Even before "Sesame Street," kids called out letters and asked, "What does that spell?" Until the little darling finished, the adult was held spellbound by this activity. In this story, I am the aforementioned little darling.
It was a lovely, sunny day - a veritable jewel of a day - on which the ladies of my family gathered in Laguna Beach, Calif. Laguna was famous for artists who splashed paint around in organized motifs or with complete abandon and made a healthy living doing it.
At the time, Laguna's artists ranged from Impressionists to realists and everything in between. And artists' models, or the Laguna Painted Ladies, gathered there in great numbers as well.
Since the Laguna Painted Ladies were known for their "party ways," the churchgoing ladies of my family were not eager to join their ranks. (To digress a moment. My three great aunts, grandmother, and mother were simply called "The Ladies" in our family.)
Wonder of wonders, on this lovely day we found a parking space in Laguna at one of the main bluffs overlooking the beach. This grassy park meandered along the cliffs, split by an ambling, white concrete path.
There, one could sit and watch the sea - and all manner of beach costumes.
So The Ladies sat upon a park bench. I, a precocious preschool sprite, ran around looking for signs to spell out.
"What does this spell?" I would ask. Then I'd carefully call out each letter. Patiently, The Ladies listened. Patiently, they took turns announcing each completed word. When I reached the last letter of the last word, they read the whole sign to me.
They would explain that a particular sign told about all the renovations the city was doing for the park: new grass, new lights, new benches, and new paint.
I ran around some more, circling around the bench where The Ladies sat. Then I came to a screeching halt behind them.
A child who has stopped to read a sign on the back of a park bench is guaranteed to get the full attention of anyone - particularly any adults - seated on that bench. Several pairs of grown-up eyebrows knit together in concern.
As you know, only two types of signs appear on park benches.
One is a dedication plaque placed by the city on a bench that has been donated in memory of someone who particularly liked the view and watched the sun set there every afternoon from 1919 to 1996.
The other is a warning to weary wanderers that the bench has been recently refreshed with a new coat of paint that may not be completely dry yet.
The Ladies of my family were suddenly extremely interested in which type of park-bench sign I had encountered.
"Hmm," I mused, as the the ladies on the bench sat frozen and silent. "What does this spell?"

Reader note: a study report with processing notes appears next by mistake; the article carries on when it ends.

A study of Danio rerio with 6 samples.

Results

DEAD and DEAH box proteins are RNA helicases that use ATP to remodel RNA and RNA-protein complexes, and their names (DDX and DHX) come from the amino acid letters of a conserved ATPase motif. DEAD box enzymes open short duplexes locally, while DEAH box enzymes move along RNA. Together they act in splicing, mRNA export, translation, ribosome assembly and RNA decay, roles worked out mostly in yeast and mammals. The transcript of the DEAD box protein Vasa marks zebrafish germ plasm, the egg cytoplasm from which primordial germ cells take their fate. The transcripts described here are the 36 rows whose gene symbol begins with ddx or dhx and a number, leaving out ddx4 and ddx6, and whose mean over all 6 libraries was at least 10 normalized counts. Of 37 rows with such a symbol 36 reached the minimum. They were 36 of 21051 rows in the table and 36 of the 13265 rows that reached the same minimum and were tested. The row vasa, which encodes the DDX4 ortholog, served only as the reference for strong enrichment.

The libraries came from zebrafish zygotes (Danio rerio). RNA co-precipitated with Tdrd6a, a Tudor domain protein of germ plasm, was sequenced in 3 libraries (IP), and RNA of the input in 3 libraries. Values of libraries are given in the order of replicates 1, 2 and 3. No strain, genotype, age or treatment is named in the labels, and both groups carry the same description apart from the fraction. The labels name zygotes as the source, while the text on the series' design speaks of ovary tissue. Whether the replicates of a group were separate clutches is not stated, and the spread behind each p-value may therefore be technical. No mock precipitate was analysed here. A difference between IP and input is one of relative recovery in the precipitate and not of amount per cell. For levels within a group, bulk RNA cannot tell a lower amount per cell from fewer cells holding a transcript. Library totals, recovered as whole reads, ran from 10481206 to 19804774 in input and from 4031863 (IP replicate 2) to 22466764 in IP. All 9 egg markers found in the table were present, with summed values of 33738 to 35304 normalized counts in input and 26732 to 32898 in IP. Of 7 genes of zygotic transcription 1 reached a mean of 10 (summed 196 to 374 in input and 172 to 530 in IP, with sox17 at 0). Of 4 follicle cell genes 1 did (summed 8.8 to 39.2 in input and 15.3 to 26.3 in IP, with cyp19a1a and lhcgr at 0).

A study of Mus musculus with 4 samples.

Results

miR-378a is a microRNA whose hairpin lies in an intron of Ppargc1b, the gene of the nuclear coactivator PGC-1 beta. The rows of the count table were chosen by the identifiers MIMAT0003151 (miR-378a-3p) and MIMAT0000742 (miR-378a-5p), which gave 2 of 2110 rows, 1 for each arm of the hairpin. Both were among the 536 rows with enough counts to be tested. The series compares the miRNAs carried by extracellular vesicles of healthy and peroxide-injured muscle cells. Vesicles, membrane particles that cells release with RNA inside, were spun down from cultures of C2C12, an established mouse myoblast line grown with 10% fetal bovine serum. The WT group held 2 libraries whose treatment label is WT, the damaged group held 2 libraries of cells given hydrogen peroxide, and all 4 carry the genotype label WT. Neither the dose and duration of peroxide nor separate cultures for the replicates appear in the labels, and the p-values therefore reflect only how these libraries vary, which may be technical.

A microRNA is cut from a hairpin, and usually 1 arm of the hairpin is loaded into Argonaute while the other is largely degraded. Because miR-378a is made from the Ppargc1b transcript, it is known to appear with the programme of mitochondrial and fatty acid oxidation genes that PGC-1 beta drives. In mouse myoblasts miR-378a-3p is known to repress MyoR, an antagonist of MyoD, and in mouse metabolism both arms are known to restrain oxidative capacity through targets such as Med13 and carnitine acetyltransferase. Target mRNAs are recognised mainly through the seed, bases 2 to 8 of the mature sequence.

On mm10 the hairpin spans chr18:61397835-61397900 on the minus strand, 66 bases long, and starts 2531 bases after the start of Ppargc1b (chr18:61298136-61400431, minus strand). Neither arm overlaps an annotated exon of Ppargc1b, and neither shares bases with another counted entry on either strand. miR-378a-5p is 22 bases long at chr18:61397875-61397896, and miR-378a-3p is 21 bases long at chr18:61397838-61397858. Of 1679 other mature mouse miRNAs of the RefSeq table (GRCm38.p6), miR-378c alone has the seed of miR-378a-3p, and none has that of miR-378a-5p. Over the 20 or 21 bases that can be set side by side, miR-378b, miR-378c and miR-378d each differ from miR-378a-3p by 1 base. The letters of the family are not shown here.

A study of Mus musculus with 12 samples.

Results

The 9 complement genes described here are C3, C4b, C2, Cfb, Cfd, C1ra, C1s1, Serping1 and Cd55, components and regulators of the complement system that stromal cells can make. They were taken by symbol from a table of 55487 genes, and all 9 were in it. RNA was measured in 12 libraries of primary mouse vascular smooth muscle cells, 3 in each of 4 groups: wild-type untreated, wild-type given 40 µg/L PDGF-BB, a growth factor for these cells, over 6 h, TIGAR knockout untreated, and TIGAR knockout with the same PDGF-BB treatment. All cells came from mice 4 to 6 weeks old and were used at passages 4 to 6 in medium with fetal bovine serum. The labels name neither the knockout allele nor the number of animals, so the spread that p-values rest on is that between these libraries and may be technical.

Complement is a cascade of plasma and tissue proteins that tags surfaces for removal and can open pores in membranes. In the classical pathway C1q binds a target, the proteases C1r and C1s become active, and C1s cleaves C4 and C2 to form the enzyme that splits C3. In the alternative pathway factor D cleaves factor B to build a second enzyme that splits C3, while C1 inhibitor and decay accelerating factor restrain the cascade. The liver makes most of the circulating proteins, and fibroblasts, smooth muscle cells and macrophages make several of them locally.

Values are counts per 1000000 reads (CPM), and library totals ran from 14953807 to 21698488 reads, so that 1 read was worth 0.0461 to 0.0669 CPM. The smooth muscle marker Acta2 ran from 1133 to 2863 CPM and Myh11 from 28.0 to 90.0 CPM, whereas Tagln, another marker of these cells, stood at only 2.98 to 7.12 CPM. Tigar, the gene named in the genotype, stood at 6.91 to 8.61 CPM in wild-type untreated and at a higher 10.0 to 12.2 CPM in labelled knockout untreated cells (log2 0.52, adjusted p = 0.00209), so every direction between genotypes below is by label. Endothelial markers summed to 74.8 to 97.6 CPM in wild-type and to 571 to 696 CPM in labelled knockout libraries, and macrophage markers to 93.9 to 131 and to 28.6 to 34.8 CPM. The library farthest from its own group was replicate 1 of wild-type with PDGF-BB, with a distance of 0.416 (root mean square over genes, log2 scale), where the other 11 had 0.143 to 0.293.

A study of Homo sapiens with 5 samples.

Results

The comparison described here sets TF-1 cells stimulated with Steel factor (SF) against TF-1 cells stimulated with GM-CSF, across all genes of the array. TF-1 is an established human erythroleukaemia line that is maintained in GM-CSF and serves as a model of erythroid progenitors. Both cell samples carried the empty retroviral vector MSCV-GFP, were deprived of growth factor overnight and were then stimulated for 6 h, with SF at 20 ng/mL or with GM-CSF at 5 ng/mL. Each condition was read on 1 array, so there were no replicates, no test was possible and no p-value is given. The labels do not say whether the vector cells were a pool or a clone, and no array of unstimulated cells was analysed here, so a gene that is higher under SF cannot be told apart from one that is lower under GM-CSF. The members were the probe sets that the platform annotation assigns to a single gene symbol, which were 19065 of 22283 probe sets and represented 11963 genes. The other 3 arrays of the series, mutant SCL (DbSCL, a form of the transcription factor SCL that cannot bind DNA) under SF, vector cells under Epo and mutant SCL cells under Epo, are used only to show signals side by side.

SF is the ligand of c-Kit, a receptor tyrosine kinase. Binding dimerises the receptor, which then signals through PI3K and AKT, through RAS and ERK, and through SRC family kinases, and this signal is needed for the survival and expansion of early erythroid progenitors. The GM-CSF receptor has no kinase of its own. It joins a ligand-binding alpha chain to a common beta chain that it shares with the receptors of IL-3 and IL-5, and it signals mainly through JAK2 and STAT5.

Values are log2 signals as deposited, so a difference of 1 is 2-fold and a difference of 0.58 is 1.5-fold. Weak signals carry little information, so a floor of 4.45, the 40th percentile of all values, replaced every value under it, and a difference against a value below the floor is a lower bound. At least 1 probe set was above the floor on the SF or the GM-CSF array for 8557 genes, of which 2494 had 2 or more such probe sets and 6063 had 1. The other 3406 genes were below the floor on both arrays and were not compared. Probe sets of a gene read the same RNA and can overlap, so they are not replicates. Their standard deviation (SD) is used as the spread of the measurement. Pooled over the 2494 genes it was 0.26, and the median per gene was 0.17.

Now the ladies looked at one another, not daring to peer over the back of the bench and look for themselves.
According to my mother, the time between my identifying the first letter and identifying the second stretched agonizingly long. Five minutes, she insisted; the verbal equivalent of a slowly plodding tortoise. I'm sure it wasn't that long. Three minutes - tops.
From their side of the bench, The Ladies heard: "What does this spell? W...." They were concerned.
"E...." They were worried.
"T...." They were very worried. I inhaled, and, according to Great Aunt Ruth, took in enough air for a California gray whale preparing for a 20-minute deep-sea dive.
"P...." Beads of sweat began to emerge as thoughts of wet paint on nice clothes in a good car all the way home began to darken their thoughts.
"A...." But these were all very optimistic, moral church ladies, so they reassured themselves that all would be well.
"I...." My mother touched her index finger to the bench. When it came back tacky but mostly color-free, The Ladies began to breathe again.
"N...." According to the Ladies, endless minutes elapsed. It was like a really bad movie shot in slow motion, they claimed.
"T!" I was gleeful. The Ladies were not. But one of them informed me rather matter-of-factly that the sign said, "Wet Paint."
As one, The Ladies slowly rose from the bench, peeling themselves carefully away. As one, they slowly stepped away from the bench and turned back to look at it. Now they were aware that they had made an impression in the paint. (Later, I found out this was not the same as an Impressionist painting.) Each lady pivoted so that she could be inspected, and each was found paint-free.
A collective sigh of relief was heard the length and breadth of Laguna. They were happy indeed not to be among the Painted Ladies of Laguna Beach.